Barack Obama wants to bomb Assad for his poison gas attack against his own people and has put the matter in the hands of Congress. Here’s a poem that gives us some perspective on how one should respond to such attacks.
In this case, it is Vachel Lindsay arguing against a rush to war following the sinking of the Lusitania in 1915—which, from an American point of view, is less like Assad’s chemical weapons attack and more like 9-11. Nevertheless, Lindsay counsels to “Stand now for peace, (though anger breaks your heart),/Though naught but smoke and flame and drowning is seen.” The poem appeared in the May 11, 1915 edition The Chicago Herald, an instance of poetry attempting to use a mass medium to influence public opinion.
The poem is addressed to two figures. Jane Addams—social worker, suffragette, public philosopher, sociologist, and peace activist—was attending a peace conference at The Hague at the time as president of the International Women’s League for Peace and Freedom. World War I was less than a year old. Because the Lusitania was carrying civilian passengers, including many Americans, the incident helped propel America into the war two years later.
The Lusitania was also carrying munitions but that fact wasn’t publicized.
The second poem is addressed to Tolstoy, who had died five years before but who had become a major voice for world peace in his later years. Lindsay is appealing to America to draw upon the lofty visions of Addams and Tolstoy and not be swept up in the hysteria over the German attack.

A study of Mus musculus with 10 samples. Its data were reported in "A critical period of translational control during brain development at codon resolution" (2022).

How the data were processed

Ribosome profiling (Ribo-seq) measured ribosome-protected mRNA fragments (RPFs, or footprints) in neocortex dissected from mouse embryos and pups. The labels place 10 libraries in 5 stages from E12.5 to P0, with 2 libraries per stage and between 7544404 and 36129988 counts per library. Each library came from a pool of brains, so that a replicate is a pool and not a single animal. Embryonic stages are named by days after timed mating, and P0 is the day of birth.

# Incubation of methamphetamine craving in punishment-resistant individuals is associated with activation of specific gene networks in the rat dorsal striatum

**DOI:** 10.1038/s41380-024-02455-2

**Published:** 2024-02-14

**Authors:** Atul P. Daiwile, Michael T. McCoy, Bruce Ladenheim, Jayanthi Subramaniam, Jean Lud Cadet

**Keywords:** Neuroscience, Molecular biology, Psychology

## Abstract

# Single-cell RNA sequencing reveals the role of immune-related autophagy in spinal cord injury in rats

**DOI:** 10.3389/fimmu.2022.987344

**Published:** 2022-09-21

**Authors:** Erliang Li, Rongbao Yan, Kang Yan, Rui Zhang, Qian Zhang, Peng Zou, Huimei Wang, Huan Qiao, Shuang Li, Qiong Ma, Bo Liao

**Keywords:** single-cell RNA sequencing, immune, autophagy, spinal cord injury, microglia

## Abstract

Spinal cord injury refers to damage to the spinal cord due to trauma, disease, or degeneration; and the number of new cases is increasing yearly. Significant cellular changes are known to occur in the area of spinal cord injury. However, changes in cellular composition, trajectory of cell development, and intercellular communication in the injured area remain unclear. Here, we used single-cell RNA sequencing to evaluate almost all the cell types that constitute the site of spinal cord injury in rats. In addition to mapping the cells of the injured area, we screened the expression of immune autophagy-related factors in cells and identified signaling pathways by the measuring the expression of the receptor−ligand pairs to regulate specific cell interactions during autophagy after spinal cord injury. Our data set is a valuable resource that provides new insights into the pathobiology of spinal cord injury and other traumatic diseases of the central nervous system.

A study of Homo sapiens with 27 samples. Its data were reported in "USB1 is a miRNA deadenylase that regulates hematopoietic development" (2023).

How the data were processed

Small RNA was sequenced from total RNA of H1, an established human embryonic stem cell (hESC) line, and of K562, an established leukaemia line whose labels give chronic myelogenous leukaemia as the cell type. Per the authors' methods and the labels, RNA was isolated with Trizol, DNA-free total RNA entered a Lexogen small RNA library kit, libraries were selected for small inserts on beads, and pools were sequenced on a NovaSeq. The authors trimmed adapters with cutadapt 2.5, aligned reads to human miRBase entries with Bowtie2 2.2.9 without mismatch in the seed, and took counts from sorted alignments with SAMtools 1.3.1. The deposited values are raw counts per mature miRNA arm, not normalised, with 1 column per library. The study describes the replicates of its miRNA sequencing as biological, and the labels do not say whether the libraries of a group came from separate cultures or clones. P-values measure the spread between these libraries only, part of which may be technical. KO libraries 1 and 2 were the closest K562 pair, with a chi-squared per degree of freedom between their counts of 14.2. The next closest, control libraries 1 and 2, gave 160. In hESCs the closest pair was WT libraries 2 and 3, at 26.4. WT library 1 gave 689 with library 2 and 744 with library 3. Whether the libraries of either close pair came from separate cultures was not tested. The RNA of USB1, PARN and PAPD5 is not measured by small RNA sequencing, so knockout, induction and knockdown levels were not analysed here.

If I thought that cruise missile attacks, or whatever President Obama intends, would deter future use of chemical weapons or that they would not have unintended consequences that would only make the situation worse, I might be in favor of them. I have no confidence, however, that anything good will come from America entering the fray, and I second Vachel Lindsay’s appeal.
Not that it did any good.
Here’s the poem:
To Jane Addams At The Hague
Two Poems, written on the Sinking of the Lusitania
By Vachel Lindsay
I. Speak Now for Peace
Lady of Light, and our best woman, and queen,
Lady of Light, speak, though you speak alone,
Though your voice may seem as a dove’s in this howling flood,
It is heard to-night by every senate and throne.
Though the widening battle of millions and millions of men
Threatens tonight to sweep the whole of the earth,
Back of the smoke is the promise of kindness again.
II. Tolstoi Is Plowing Yet
Tolstoi is plowing yet. When the smoke-clouds break,
High in the sky shines a field as wide as the world.
There he toils for the Kingdom of Heaven’s sake.
Ah, he is taller than clouds of the little earth.
Only the congress of planets is over him,
And the arching path where new sweet stars have birth.
Wearing his peasant dress, his head bent low,
Tolstoi, that angel of Peace, is plowing yet;
Forward, across the field, his horses go.